When Salesforce CEO Marc Benioff announced the $2.8 billion acquisition of Demandware earlier this month, he described it as a “very competitive deal,” adding it’s the “most intense” M&A environment he’s ever seen.
And according to a regulatory filing by Demandware last week, Salesforce indeed faced serious competition from one other bidder, causing it to close the deal within just 3 weeks of commencing discussions.
The filing, which has the full back-and-forth details of the deal, shows how Demandware was able to engineer a bidding war between Salesforce and another company identified as “Party X,” that resulted in the largest acquisition in Salesforce’s history.
The bidding price went as low as $55 a share at one point, but eventually closed at $75 a share, a 36% premium from the lowest offer, when Salesforce placed a $2.8 billion final bid.
Here are a few highlights of what went on behind the scenes:
- Party X’s first offer on December 22 was at $63 per share, 20% over Demandware’s stock price at the time. Demandware turned it down, but kept the dialogue open.
- In February, Demandware’s share price plummeted to $28.05 per share, following a poor earnings report. That prompted Party X to come back with a lower bid, at $55 per share, in mid-April and a revised $56 a share bid by early May.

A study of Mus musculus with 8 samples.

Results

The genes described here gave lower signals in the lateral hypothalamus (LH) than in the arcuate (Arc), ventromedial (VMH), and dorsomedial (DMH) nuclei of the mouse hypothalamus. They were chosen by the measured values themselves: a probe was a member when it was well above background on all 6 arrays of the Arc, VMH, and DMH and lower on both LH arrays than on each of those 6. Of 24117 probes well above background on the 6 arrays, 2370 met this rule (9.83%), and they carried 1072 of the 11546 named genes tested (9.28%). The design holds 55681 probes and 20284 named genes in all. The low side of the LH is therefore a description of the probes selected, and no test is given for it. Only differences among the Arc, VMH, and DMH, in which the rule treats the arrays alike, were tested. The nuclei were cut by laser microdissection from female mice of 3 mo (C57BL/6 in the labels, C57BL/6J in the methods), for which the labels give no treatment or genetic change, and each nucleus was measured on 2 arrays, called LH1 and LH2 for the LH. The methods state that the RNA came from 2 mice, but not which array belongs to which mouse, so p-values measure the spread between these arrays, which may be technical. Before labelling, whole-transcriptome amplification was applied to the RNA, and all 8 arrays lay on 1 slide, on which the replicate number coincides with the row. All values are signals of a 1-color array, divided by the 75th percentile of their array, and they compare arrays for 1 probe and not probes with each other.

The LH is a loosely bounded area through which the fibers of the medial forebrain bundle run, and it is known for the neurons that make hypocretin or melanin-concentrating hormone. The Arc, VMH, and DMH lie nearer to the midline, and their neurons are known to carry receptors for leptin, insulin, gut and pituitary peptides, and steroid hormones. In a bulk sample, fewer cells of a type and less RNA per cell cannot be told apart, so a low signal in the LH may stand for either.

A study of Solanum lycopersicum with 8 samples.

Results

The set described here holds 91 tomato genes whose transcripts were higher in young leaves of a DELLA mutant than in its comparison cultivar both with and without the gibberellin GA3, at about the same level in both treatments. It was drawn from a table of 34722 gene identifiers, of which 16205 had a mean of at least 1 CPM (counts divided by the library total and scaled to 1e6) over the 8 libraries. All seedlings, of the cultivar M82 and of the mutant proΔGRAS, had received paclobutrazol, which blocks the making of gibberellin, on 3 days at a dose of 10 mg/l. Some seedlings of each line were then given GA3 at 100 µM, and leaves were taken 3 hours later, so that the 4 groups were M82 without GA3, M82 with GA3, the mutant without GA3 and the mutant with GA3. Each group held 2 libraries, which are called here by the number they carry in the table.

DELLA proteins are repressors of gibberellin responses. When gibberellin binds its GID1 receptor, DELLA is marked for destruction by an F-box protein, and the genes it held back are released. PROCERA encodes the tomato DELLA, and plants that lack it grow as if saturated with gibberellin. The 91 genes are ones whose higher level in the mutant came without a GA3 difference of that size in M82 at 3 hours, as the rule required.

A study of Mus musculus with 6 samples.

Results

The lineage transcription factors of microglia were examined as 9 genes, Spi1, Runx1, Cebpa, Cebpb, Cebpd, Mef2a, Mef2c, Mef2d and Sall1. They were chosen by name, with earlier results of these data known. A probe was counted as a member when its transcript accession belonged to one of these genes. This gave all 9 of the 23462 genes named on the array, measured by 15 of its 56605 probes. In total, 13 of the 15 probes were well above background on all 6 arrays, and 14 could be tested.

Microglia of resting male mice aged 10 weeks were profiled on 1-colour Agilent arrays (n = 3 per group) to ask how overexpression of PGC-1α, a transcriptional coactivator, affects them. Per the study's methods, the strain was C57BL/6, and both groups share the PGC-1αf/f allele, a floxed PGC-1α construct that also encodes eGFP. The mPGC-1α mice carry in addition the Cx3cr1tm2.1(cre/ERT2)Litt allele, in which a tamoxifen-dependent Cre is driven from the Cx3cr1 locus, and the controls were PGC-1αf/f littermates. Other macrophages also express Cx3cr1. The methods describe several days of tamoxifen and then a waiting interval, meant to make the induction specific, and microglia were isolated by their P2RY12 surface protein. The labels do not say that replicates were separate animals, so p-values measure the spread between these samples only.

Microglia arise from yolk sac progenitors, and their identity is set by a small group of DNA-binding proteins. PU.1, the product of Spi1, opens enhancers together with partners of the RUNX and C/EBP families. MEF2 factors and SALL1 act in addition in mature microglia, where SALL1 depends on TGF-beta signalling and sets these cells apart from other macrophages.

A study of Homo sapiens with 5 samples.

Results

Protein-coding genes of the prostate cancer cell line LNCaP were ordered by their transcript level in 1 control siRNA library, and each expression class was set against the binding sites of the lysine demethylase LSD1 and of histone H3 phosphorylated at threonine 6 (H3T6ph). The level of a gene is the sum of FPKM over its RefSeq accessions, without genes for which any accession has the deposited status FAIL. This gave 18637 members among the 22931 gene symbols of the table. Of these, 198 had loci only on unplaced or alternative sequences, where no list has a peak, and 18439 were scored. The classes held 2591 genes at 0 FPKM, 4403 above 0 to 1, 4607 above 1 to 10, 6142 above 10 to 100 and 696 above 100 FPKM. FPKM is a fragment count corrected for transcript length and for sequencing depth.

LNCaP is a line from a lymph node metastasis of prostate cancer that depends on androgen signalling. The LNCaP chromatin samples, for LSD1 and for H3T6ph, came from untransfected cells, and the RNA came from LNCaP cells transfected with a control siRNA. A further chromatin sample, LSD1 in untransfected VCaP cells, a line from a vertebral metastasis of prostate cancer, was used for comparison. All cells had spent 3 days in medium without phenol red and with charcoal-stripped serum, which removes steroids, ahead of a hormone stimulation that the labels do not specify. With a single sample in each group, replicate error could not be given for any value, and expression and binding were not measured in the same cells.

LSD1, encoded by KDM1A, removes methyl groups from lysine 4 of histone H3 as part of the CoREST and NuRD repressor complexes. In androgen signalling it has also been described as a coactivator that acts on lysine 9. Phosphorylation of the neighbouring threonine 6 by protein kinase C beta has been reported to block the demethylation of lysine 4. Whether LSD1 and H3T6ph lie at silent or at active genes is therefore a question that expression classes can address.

- Right around then, from May 9, Goldman Sachs, the bank representing Demandware, started reaching out to 10 potential buyers to see if they might be interested in joining the bid. Seven of them declined, 2 of them failed to engage in any talks, leaving only one party — Salesforce — interested in a deal.
- On May 10, Salesforce made its interest official and within 10 days, submitted its first $62 per share proposal. It also indicated that it’s ready to “move quickly” to close the deal by May 31.
- Party X later countered with a $63 per share bid, which Salesforce countered with a $70 a share bid. When Goldman Sachs told Party X it was not the highest bidder anymore, it came back with an offer of $70.25 per share.
- Then Goldman Sachs went back to Salesforce and offered to give an exclusivity offer at $75 a share, which both parties agreed to.
- And just like that, Salesforce closed the biggest deal in company history.
It’s unclear which company Party X is, but market research firm Stifel suspects it’s Adobe, given it’s also rumoured to be interested in buying an e-commerce software maker. Adobe’s representative wasn’t available for comment.
You can read the full details of the timeline here (starts at page 14).